A Moscow court on Monday denied bail for Pavel Vrublevsky, a Russian businessman who was charged earlier this year with hiring hackers to launch costly online attacks against his rivals. The denial came even after Vrublevsky apparently admitted his role in the attacks, according to Russian news outlets.
Vrublevsky, 32, is probably best known as the co-founder of ChronoPay, a large online payment processor in Russia. He was arrested in June after Russian investigators secured the confession of a man who said he was hired by Vrublevsky to launch a debilitating cyber attack against Assist, a top ChronoPay competitor. The former ChronoPay executive reportedly wanted to sideline rival payment processing firms who were competing for a lucrative contract to process payments for Aeroflot, Russia’s largest airline. Aeroflot’s processing systems faltered for several days in the face of the attack, an outage that Aeroflot says cost the company about a million dollars a day.
Vrublevsky’s lawyers asked the court to release him pending a trial in December — offering to pay 30 million rubles (~ USD $1 million) — but the court denied the request.
Vrublevsky co-founded ChronoPay in 2003 along with Igor Gusev, another Russian businessman who is facing criminal charges in Russia stemming from his alleged leadership role at GlavMed and SpamIt, sister programs that until recently were the world’s largest rogue online pharmacy affiliate networks. Huge volumes of internal documents leaked from ChronoPay last year indicate Vrublevsky co-ran a competing rogue Internet pharmacy — Rx-Promotion — although Vrublevsky publicly denies this.
Vrublevsky and Gusev have been locked in an increasingly heated and public battle to ruin the others’ business, a saga that I have chronicled in an ongoing series: Pharma Wars.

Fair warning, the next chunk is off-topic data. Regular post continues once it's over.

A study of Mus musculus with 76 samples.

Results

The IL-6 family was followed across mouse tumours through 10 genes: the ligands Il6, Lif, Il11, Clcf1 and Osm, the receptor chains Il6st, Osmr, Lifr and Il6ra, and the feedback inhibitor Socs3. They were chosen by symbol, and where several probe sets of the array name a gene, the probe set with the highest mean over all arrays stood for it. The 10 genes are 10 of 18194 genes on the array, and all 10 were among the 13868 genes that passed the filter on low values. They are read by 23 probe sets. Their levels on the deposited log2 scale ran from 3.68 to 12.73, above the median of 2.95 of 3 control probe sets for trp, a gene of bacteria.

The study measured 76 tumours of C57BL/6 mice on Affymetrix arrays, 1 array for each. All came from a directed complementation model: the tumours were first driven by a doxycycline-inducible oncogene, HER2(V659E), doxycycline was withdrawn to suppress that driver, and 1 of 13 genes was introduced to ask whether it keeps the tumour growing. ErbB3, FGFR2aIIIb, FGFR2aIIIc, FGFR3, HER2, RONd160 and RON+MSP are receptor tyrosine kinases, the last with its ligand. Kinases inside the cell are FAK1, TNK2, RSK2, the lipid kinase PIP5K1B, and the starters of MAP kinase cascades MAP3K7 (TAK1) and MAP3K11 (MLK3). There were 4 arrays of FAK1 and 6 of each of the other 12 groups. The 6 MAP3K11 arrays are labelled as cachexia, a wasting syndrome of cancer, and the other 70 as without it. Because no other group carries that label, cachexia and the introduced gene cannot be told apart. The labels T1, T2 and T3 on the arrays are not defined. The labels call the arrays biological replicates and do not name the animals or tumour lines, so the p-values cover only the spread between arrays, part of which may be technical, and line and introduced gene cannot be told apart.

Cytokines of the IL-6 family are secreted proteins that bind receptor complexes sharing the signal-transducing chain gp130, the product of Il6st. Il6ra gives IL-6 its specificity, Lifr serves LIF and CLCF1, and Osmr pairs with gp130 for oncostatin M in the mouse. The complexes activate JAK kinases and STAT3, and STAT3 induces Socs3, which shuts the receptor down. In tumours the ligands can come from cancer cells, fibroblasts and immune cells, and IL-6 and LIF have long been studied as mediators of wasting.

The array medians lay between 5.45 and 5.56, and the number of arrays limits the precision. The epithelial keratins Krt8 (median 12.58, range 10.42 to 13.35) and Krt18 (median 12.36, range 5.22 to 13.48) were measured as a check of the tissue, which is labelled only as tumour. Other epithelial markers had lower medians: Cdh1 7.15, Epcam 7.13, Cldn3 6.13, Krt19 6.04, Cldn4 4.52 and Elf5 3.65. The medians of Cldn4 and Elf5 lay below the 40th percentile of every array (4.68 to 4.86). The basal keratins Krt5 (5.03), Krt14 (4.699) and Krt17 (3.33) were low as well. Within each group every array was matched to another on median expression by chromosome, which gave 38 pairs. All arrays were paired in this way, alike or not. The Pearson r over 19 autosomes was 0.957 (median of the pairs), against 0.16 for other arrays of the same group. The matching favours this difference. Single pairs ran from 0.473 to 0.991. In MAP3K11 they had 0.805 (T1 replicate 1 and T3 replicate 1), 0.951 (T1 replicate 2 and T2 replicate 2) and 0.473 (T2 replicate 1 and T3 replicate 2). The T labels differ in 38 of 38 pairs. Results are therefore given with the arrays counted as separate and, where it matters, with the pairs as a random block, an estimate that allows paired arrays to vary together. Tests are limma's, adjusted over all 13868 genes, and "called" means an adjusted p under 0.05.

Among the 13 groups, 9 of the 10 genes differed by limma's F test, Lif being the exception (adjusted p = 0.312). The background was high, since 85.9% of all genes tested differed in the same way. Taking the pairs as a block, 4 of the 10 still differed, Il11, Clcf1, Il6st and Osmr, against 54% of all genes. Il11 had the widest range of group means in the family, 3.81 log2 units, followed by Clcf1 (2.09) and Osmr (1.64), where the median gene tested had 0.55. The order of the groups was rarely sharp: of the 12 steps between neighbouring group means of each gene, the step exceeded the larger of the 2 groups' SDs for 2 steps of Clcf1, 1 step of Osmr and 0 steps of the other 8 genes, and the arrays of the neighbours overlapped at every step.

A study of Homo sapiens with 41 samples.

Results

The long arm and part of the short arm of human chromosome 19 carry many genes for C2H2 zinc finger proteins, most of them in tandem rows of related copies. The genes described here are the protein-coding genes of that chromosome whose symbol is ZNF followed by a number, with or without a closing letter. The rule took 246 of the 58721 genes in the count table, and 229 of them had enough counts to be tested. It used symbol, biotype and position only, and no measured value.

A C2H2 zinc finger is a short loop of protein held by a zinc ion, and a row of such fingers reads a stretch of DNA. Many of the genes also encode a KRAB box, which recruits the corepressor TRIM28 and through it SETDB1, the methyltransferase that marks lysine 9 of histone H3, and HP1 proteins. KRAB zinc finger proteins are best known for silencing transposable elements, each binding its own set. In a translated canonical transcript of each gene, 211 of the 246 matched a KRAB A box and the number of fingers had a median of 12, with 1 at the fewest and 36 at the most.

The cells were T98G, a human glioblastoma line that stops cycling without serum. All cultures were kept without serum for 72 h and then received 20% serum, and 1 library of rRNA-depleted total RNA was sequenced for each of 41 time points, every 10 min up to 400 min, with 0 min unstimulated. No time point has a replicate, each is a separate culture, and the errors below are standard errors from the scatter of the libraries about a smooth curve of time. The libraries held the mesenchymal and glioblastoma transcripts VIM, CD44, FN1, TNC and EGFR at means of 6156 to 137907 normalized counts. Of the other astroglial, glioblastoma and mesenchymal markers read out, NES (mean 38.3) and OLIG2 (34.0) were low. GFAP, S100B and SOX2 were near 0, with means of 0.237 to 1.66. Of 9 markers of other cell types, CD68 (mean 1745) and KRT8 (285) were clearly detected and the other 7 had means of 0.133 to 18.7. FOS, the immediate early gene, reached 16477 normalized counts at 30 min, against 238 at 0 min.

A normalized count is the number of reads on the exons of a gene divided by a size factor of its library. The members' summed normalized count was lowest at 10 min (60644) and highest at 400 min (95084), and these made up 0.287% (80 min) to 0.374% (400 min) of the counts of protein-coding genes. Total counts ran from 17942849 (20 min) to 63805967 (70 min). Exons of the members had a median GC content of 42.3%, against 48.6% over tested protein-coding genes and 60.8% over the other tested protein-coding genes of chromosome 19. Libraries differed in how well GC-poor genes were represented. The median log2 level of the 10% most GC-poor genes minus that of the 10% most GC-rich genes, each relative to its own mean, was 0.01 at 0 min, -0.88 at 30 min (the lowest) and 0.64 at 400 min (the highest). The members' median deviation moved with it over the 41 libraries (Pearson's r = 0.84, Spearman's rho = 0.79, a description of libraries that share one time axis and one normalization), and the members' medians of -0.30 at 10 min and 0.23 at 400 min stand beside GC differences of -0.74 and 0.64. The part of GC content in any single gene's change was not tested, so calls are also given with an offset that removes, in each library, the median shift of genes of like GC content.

According to Russia’s Interfax news agency, Vrublevsky faces punishment under two articles of the state’s criminal code – illegal access to computer information, and the creation, use and dissemination of harmful computer programs. Both involve imprisonment for three to seven years.
Russian newspaper Vedomosti writes that Vrublevsky’s guilty plea will be considered by the court as a mitigating circumstance, and that his sentence will not exceed five years. “And considering the fact that attacks on computer systems – a relatively new type of crime is not a particularly dangerous for the society, the term most likely will not exceed three years and may be conditional,” the publication notes.
The Vedomosti story also observes an interesting fact: One of the lawyers representing Vrublevsky is Stanislav Maltsev, whom Vrublevsky hired in 2007 to be his head of security. Prior to joining ChronoPay, Maltsev was a Russian MVD official in charge of leading an earlier criminal investigation against Vrublevsky, one that ultimately went nowhere.